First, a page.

I attended a brilliant series of lectures last weekend, as part of Biosphere Expeditions’ 10th anniversary celebrations. Biosphere Expeditions is a conservation organisation which runs scientific research projects on which lay people can volunteer.
In the afternoon, we heard about big cat conservation Tessa McGregor, who heads up Biosphere’s snow leopard project in the stunning Altai Mountains of Central Asia. We also heard from Chris Gerrard of the Wildlife Trust who set up the Great Fen Project in Cambridgeshire (see my Greentraveller.co.uk blog on that one).
But the morning concentrated on marine conservation, starting with a lecture by Kristian Teleki, one of the vice presidents at SeaWeb, and not-for-profit communications organisation which educates and engages the public on the threats facing the ocean.
Some of the facts with which he began his presentation were a horrifying recap:
- The area of the seafloor dredged each year is 150 times the area of forest cut down worldwide
- 90% of all the ocean’s big fish are gone
- Outside Europe and North America, 80% of sewage enters the coastal ocean untreated – and that includes the Caribbean
As well as the issues of over-fishing, pollution and warming of the ocean by climate change, Kristian also told us a lot about what he termed the ‘souring’ of the ocean. The increasing acidity of the ocean does not get as much coverage as the increasing temperature, and I certainly didn’t know much about it myself. The ocean absorbs carbon dioxide from the atmosphere but it forms a mild carbonic acid when it does so, making it harder for corals, shellfish, and anything else that forms calcium, to calcify. By 2100, 70% of our deep sea corals might be in acidic water. If the pH of the ocean drops to pH 7.3, half of all the mussels in the ocean will die. If it reaches pH 7, there will be 100% mortality of scallops.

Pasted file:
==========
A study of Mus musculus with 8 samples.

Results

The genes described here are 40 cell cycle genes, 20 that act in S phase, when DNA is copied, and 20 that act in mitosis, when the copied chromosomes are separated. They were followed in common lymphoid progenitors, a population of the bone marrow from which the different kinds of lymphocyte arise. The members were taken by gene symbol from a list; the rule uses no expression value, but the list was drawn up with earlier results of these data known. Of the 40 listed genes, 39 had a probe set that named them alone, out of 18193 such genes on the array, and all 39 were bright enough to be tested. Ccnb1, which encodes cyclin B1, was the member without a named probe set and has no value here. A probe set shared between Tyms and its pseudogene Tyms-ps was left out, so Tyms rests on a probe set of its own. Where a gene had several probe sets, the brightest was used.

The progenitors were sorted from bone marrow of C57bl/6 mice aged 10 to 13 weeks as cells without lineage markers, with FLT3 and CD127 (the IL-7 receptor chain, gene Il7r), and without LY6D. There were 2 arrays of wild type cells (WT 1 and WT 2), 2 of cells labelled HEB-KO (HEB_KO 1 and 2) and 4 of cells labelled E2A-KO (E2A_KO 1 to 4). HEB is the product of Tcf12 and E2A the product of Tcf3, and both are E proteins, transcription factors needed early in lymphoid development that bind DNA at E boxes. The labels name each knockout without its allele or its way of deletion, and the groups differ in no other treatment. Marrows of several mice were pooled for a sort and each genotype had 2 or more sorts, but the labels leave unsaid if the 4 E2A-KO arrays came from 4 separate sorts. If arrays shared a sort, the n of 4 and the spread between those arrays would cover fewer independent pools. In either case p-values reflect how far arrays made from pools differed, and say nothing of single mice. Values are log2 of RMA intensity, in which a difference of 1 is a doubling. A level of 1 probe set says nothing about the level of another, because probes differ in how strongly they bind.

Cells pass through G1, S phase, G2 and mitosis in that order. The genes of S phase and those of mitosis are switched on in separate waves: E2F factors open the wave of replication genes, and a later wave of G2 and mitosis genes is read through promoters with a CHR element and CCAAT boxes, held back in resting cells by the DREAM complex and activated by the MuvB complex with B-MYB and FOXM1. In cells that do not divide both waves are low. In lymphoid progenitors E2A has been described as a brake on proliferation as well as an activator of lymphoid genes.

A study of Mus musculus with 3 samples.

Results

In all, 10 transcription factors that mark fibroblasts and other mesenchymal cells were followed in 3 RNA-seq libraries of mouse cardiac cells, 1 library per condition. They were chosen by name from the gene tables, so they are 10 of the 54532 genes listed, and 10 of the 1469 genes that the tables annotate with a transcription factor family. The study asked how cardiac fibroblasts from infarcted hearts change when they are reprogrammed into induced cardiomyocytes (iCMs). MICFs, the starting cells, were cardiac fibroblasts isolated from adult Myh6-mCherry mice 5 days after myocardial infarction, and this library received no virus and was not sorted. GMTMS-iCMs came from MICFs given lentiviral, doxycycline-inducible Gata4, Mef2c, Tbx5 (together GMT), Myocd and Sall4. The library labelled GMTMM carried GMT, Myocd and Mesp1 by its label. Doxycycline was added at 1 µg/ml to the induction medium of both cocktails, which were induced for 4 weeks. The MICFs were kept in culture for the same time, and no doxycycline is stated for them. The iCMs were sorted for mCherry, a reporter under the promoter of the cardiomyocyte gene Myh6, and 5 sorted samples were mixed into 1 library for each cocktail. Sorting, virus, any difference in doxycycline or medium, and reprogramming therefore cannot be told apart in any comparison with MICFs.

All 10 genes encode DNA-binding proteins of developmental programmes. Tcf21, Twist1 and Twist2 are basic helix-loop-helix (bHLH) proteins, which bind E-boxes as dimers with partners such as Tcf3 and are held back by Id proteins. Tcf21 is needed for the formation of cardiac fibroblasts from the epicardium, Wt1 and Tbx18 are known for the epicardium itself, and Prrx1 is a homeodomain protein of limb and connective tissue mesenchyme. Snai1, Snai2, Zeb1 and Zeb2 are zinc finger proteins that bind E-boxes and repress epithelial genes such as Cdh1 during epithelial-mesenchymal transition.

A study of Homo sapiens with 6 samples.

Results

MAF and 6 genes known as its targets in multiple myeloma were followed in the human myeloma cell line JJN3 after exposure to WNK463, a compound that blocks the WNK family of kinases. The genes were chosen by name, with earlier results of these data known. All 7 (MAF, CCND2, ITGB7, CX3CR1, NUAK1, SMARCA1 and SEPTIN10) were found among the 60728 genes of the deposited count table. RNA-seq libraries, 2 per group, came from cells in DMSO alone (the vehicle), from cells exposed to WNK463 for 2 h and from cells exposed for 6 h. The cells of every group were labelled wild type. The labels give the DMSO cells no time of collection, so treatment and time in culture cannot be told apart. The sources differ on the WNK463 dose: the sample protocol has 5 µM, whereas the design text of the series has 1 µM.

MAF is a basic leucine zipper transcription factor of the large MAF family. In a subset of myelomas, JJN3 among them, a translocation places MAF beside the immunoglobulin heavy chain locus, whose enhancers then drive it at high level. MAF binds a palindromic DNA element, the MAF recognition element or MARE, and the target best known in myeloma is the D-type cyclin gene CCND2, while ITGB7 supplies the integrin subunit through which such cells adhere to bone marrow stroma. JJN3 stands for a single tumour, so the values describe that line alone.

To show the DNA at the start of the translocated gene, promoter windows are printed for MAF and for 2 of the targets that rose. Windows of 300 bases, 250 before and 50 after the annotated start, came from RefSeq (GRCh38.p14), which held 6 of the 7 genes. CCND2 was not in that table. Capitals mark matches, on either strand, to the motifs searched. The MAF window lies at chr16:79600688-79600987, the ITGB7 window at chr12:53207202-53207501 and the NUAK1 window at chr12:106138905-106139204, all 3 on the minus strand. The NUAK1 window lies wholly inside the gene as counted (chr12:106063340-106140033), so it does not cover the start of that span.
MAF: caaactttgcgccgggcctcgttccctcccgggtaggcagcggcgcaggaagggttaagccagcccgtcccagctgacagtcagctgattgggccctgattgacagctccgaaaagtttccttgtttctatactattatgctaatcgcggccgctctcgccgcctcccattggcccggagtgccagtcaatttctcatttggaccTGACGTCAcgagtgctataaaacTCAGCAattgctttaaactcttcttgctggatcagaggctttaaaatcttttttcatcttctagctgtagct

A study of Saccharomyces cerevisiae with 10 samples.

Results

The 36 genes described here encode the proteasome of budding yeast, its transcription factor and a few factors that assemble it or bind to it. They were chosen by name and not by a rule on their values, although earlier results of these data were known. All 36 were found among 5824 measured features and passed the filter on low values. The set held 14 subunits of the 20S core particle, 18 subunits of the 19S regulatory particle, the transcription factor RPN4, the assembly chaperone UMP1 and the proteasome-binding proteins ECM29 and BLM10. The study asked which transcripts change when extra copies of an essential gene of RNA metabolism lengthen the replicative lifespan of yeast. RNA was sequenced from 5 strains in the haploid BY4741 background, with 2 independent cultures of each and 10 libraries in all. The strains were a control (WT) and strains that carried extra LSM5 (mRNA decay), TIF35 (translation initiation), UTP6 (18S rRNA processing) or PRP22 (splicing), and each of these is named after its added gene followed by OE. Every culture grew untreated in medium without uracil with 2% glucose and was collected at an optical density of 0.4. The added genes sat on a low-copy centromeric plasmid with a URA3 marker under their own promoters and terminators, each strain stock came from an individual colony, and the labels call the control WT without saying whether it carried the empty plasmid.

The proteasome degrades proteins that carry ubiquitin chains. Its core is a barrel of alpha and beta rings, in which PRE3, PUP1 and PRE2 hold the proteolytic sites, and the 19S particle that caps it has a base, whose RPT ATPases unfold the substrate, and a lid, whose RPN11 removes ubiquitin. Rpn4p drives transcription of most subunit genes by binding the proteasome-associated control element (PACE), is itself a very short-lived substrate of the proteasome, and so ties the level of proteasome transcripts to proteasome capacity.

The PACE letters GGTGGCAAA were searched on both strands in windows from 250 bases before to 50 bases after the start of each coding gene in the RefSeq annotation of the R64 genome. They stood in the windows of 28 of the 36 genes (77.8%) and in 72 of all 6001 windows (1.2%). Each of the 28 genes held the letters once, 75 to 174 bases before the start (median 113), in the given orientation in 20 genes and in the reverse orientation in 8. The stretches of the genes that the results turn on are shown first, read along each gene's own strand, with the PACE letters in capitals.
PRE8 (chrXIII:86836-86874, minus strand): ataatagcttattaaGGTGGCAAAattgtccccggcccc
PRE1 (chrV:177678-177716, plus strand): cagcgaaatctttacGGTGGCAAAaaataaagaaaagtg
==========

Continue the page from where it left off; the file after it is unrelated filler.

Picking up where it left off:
But the most interesting thing I took away from Kristian’s presentation was his emphasis on needing to understand human behaviour in order to achieve anything in conservation.
One of SeaWeb’s key aims is to help get the right message out. He said the doom-and-gloom coverage that the mainstream media give to conservation issues is hugely counter-productive:
“Bad headlines make our job harder. The average person on the street thinks, why should I give my money?…Stories that the reefs will be dead by 2020, dead by 2040 – how are we possibly going to sell this to governments when they think we should be putting our money towards something else?”
Armageddon-style headlines about the future of our planet definitely make me sit up and take notice. Personally, they make me all the more determined to try to do my bit. But I can see how for others it could cement a notion that there’s no point trying.
I don’t think that Kristian means the media should be telling only ‘good news stories’ about conservation. Rather, we should be framing all the bad news with more positive messages about what has been and can be achieved when everyone works together.